Blood Pressure Drug May Help Treat Addiction

molpsyIn the quest to find an effective treatments for drug and alcohol addiction, scientists and treatment practitioners continually find new possibilities. The National Institute on Drug Abuse (NIDA) feels that the most effective types of treatment include therapy and medications, however, evidence supports that many forms of rehabilitation can be successful and there is no single best approach for everyone.

A new study was recently completed that showed promising results for blood pressure medication in treatment addiction. Isradipine is a prescription that is traditionally given to patients who have high blood pressure, but researchers at the University of Texas, Austin conducted a study using this medication to determine how effective the drug was at handling substance abuse problems.

“Addicts show up to the rehab center already addicted. Many addicts want to quit, but their brains are already conditioned. This drug might help the addicted brain become de-addicted,” explained Professor Hitoshi Morikawa.

The scientists focused their experiment on the parts of the brain that are responsible for memory, learning and rewards. This is the part of the brain that appears to be the most effected by drugs and alcohol. Long after the substances have left the body the person still feels an intense pull to the drugs or alcohol, indicating that the brain is still influencing the addict to abuse drugs. Focusing on the section of the brain that is responsible for these sorts of impulses, scientists tested out the effectiveness of Isradipine.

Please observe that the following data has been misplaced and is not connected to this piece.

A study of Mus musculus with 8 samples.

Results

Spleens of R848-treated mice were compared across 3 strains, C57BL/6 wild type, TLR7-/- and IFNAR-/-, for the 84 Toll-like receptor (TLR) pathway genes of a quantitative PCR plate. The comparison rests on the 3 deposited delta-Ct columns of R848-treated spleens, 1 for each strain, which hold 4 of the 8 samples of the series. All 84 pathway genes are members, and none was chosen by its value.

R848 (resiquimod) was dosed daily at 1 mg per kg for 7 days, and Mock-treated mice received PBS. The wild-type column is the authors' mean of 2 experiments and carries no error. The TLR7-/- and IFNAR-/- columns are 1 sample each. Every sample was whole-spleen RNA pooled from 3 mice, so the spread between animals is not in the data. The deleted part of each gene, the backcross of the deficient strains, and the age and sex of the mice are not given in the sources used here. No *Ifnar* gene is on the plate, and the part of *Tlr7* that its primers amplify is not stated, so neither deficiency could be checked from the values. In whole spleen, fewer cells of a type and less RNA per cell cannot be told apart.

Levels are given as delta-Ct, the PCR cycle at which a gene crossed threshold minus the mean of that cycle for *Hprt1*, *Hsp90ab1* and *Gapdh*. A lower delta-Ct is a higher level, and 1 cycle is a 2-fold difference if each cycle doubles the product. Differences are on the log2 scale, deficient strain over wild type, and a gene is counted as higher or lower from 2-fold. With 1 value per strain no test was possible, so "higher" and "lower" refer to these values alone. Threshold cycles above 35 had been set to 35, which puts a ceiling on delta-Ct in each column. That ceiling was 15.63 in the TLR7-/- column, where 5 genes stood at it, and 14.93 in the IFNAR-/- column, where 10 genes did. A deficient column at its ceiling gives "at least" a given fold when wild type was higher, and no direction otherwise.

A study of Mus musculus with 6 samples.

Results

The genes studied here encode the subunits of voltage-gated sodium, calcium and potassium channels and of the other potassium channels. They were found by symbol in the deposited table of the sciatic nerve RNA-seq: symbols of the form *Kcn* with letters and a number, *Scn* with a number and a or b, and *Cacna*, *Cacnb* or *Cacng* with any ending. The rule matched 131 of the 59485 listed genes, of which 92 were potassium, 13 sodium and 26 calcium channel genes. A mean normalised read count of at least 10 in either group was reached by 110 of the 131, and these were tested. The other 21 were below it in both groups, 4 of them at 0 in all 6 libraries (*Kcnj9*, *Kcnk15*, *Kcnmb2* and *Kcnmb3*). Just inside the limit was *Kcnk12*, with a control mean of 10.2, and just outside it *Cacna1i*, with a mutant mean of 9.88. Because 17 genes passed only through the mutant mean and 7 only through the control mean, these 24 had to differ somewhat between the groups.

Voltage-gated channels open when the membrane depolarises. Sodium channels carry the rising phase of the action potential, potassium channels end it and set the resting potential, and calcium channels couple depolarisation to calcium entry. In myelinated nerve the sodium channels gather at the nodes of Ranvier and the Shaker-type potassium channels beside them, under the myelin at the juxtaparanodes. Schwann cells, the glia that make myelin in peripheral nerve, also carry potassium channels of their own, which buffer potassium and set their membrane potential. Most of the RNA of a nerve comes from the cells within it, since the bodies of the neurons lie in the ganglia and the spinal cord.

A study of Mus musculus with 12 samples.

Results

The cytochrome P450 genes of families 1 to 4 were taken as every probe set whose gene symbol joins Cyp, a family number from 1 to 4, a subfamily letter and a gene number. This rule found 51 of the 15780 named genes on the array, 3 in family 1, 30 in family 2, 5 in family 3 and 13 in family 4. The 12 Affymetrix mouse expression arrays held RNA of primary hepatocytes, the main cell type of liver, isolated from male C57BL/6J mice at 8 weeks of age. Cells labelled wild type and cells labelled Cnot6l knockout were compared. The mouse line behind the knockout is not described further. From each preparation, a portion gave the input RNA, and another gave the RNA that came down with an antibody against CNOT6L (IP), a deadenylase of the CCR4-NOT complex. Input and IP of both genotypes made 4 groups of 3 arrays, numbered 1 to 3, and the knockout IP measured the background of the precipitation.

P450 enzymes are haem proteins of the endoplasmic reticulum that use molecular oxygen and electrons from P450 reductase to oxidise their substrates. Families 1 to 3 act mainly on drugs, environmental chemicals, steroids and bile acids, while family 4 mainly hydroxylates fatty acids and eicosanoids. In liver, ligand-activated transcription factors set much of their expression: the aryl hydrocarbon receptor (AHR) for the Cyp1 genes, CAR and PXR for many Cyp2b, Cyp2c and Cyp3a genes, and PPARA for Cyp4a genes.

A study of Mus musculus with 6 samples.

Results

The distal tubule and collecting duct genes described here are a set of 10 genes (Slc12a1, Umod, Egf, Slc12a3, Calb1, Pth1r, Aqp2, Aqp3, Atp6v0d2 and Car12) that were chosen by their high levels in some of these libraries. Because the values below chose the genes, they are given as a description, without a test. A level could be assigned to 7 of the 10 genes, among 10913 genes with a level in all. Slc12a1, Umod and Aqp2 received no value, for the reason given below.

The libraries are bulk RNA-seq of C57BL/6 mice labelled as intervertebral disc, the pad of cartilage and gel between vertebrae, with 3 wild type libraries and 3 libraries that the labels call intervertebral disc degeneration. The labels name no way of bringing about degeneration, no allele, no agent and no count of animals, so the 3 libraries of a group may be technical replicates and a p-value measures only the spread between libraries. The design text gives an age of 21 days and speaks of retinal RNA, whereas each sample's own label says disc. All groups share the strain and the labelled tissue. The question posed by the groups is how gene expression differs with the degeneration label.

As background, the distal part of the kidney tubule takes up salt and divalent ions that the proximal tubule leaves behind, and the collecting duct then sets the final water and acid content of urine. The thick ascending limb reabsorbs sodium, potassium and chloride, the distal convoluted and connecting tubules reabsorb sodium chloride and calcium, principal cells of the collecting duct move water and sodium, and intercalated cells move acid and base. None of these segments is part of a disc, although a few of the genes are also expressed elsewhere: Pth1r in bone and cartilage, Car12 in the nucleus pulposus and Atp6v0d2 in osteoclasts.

The results showed the blood pressure medication intervened by eliminating the hard-wired memories that cause the brain to cue a craving. When a person takes Isradipine for high blood pressure the medication is effective because it blocks calcium channels in the heart. The same mechanism is what makes the drug effective for addicts. There are calcium channels in the brain and the scientists believe that the medication is successfully blocking the channels and allowing the brain to re-wire itself. The results of the study are published in the journal Molecular Psychiatry.

Mike Loverde

As a Certified Intervention Professional (CIP), member of NAATP, NAADAC, and accredited by the Pennsylvania Certification Board, Mike Loverde knows first-hand what it’s like to live life with addiction. By overcoming it, he had a calling to work with others who struggle with drug and alcohol addictions—the people who use and the families who feel helpless watching them decay.

With thousands of interventions across the United States done and many more to come, Loverde continues to own the intervention space, since 2005, by working with medical doctors, psychiatrists, psychologists and others who need expert assistance for their patients who need intervention. To further his impact on behavioral health and maximize intervention effectiveness, Loverde is near completion of a Masters in Addiction Studies (MHS) accreditation, as well as a Licensed Independent Substance Abuse Counselor (LISAC), and is committed to attaining the designation of a Licensed Professional Counselor (LPC).